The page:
Nigerian army
President Muhammadu Buhari sacked military chiefs to strengthen fight against Boko Haram Getty Images

The Nigerian government has fired four military chiefs as part of a process to strengthen the fight against terror group Boko Haram.

President Muhammadu Buhari sacked the army, navy, air force and defence chiefs as the Islamist insurgents continue to kill hundreds of people in the north east.

Government spokesperson Mike Omeri told IBTimes UK that Buhari made the decision to "re-engineer and add vigour to the military".

He said the move will strengthen "the fight against the insurgency and the credibility of the army".

Omeri also added that the decision has nothing to do with a report by Amnesty International alleging that Nigerian soldiers had committed war crimes and "caused 8,000 deaths".

"The president said he will investigate that and this decision was made to strengthen the army in the fight against terrorism," Omeri said.

Buhari's decision came as Boko Haram released an Isis-style beheading video weeks after it pledged allegiance to the Islamic State (IS) group, which controls large swathes of Syria and Iraq.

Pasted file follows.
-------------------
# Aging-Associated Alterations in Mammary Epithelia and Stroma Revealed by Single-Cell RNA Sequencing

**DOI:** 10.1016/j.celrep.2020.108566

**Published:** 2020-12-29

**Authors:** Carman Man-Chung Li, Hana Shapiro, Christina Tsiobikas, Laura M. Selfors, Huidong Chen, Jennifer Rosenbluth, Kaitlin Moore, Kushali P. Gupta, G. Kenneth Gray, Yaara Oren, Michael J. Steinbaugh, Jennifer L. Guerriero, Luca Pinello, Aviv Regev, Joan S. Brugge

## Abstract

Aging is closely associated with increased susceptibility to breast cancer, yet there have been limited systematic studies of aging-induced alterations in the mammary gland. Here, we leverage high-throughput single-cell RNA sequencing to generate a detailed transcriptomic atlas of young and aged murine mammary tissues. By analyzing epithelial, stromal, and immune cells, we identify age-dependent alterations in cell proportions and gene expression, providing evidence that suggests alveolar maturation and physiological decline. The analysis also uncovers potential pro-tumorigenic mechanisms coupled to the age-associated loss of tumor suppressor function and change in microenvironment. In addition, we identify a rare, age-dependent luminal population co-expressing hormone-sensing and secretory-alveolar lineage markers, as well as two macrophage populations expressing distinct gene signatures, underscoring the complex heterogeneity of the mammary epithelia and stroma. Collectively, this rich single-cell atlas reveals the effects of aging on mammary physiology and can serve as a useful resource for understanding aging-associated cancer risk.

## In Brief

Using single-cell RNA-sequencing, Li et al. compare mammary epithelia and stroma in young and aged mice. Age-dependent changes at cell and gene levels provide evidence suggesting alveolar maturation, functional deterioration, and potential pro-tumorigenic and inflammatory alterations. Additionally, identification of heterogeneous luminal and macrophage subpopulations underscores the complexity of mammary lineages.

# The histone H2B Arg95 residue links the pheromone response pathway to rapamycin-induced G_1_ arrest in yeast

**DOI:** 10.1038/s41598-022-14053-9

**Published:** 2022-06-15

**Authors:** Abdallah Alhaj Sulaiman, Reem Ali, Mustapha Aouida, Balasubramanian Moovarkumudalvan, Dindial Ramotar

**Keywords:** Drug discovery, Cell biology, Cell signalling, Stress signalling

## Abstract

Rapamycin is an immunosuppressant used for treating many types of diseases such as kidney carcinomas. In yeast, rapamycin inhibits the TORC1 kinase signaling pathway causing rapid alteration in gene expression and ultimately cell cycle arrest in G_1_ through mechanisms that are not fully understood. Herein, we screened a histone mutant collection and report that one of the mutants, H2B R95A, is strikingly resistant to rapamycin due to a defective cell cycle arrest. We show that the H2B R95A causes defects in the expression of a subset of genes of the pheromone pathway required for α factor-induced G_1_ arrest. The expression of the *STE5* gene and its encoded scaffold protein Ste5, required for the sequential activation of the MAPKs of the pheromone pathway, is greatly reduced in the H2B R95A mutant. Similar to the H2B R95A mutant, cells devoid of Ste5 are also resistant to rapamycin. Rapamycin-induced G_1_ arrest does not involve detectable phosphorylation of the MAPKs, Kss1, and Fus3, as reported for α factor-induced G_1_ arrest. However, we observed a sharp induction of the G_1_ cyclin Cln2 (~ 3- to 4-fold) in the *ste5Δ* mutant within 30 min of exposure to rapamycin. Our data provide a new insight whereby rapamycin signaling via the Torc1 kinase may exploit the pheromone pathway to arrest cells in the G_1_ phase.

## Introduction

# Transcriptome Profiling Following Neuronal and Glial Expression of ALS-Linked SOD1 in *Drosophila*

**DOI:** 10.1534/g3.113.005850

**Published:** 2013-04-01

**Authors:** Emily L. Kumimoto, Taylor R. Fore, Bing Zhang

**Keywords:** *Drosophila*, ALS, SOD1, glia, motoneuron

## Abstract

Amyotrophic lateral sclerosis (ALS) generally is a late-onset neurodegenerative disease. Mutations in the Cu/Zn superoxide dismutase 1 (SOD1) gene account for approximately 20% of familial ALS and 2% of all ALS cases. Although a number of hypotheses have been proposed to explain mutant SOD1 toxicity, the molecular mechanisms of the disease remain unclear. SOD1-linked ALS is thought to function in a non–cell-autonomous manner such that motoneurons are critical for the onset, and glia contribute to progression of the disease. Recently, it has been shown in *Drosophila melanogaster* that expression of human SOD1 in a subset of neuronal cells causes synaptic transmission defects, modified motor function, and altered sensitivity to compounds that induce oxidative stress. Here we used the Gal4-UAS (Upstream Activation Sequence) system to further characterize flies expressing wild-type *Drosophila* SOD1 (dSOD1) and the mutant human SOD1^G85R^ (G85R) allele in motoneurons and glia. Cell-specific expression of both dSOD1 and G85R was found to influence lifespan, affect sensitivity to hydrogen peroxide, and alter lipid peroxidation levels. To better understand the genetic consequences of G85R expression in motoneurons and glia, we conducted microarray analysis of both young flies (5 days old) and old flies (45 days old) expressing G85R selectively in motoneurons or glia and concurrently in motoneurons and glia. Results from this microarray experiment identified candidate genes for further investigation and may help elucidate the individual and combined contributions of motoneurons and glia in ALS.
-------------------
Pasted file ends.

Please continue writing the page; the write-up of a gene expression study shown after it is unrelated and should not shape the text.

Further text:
The footage, released weeks after Boko Haram renamed itself Islamic State's West African Province (Iswap), shows some of the insurgents fighting with presumed Nigerian soldiers.

Images then show the bodies of some Nigerian soldiers lying on the ground after a battle. The ten-minute-long video ends with the decapitation of a man believed to have been part of the African Union.

Buhari, who defeated former leader Goodluck Jonathan in March's presidential election, vowed his administration would end terrorism in the country. In June, he announced the military headquarters would be relocated from Abuja to Maiduguri until the fight against terrorism was over.

The US announced it would send military trainers to help the Nigerian army improve its intelligence gathering and logistics.

Boko Haram has intensified its attacks in recent months. A twin bomb attack blamed on the group killed at least 44 people and injured 67 in the provincial Nigerian capital of Jos earlier in July.

The explosions followed a suicide bomb attack in a church in the town of Potiskum earlier the same day. A priest and four worshippers were killed in the attack.